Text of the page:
By John Harris
Monday, October 30, 2006
They played a good game and fought the good fight.
By all rights, the Steelers overtaxed defensive players should have been mad as hell at their offensive counterparts in general, and quarterback Ben Roethlisberger in particular, following Sunday's dreadful 20-13 loss to the Oakland Raiders at McAfee Coliseum.
Roethlisberger's play was as maddingly inconsistent, as the Steelers defense was exceptionally consistent.
Roethlisberger had a season-high 301 passing yards with one touchdown, but he tossed a career-high four interceptions -- two of which were returned for Raider touchdowns, including a back-breaking 100-yard return in the fourth quarter.
It was enough to make anyone question whether Roethlisberger was still feeling some of the ill effects from the concussion he suffered a week ago against the Atlanta Falcons.
You really have to hand it to the Steelers defenders, who refused to play the blame game and rat out the offense.
If anything, inside linebacker James Farrior blamed the Steelers defense for allowing Oakland's defense to outscore them, 14-0.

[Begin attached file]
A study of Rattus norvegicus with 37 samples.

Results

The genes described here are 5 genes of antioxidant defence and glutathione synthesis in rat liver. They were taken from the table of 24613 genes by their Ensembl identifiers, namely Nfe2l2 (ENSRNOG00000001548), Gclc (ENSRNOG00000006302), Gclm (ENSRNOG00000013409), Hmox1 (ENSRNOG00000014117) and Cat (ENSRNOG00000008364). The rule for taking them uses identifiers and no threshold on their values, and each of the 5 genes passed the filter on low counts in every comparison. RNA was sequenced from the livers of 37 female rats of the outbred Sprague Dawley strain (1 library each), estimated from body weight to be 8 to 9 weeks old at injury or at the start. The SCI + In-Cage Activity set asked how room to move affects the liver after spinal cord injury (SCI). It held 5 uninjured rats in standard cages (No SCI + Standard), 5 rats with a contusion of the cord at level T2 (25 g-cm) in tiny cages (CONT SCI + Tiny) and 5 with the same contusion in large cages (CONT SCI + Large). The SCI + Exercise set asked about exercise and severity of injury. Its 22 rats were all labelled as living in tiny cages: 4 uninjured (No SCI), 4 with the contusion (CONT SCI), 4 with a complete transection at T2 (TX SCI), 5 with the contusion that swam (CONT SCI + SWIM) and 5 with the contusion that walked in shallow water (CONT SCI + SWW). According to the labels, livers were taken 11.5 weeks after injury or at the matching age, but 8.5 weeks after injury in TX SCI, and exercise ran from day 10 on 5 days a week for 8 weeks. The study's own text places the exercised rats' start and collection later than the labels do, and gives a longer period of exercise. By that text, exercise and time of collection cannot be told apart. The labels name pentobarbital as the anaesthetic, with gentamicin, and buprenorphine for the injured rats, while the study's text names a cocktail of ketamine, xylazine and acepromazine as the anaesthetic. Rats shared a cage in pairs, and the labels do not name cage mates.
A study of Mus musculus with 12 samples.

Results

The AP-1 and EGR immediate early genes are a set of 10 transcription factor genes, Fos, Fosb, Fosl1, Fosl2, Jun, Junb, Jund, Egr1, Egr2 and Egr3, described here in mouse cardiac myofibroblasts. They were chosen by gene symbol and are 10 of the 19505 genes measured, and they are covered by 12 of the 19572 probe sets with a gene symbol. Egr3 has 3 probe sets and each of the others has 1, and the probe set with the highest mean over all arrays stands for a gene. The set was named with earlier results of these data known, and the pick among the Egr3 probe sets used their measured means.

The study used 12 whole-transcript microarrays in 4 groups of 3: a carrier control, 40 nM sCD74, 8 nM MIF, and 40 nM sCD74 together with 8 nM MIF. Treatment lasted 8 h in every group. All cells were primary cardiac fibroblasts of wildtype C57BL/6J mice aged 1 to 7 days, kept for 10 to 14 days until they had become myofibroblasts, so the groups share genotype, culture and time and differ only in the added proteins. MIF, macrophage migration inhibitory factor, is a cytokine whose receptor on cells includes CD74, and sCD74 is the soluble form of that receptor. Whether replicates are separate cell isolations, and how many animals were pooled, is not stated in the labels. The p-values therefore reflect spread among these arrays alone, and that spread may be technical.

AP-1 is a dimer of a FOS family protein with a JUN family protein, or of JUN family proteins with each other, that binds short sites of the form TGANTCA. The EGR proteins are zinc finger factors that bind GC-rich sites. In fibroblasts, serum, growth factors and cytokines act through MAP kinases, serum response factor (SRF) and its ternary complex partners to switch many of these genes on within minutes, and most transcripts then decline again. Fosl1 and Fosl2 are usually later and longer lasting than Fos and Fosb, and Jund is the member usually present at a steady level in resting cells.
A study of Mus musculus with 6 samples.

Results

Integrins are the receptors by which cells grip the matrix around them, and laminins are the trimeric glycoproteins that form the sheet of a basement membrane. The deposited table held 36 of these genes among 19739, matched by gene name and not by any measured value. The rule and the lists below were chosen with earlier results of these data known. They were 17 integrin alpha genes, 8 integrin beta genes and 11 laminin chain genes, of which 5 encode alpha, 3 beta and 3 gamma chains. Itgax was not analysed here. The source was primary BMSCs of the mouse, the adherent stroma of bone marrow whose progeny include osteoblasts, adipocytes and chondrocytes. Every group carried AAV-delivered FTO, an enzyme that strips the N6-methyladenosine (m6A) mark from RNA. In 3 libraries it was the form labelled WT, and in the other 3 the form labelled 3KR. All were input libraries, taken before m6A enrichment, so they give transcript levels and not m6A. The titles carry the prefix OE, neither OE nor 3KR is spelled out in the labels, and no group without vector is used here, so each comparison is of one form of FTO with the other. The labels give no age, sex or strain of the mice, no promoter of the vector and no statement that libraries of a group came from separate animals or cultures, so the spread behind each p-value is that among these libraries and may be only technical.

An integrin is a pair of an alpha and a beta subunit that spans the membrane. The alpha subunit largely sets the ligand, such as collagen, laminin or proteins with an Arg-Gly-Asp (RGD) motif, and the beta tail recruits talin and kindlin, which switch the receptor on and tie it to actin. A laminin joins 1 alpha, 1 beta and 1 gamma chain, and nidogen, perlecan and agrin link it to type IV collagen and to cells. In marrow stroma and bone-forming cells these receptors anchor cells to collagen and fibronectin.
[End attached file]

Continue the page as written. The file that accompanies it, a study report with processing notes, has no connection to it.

"We got outplayed by their defense," said Farrior, who quietly leads the team in tackles this season.
Replace the first letter in Farrior's last name with a "W" and that would describe his performance against the Raiders.
"Their defense scored two touchdowns," Farrior said. "We didn't score any."
Of the Raiders' two field goals, linebacker Clark Haggans said, "We can't have that. We don't play for them to get field goals. We play to stop them."
Oh, really now.
If it's come down to this for the Steelers, if their defensive players truly believe it's their job to score touchdowns to compensate for yesterday's lack of offense, the 2-5 Steelers are in more trouble than we were led to believe.
The Steelers defense played close to a perfect game against Oakland. The Raiders amassed 98 total yards and only nine first downs -- and won.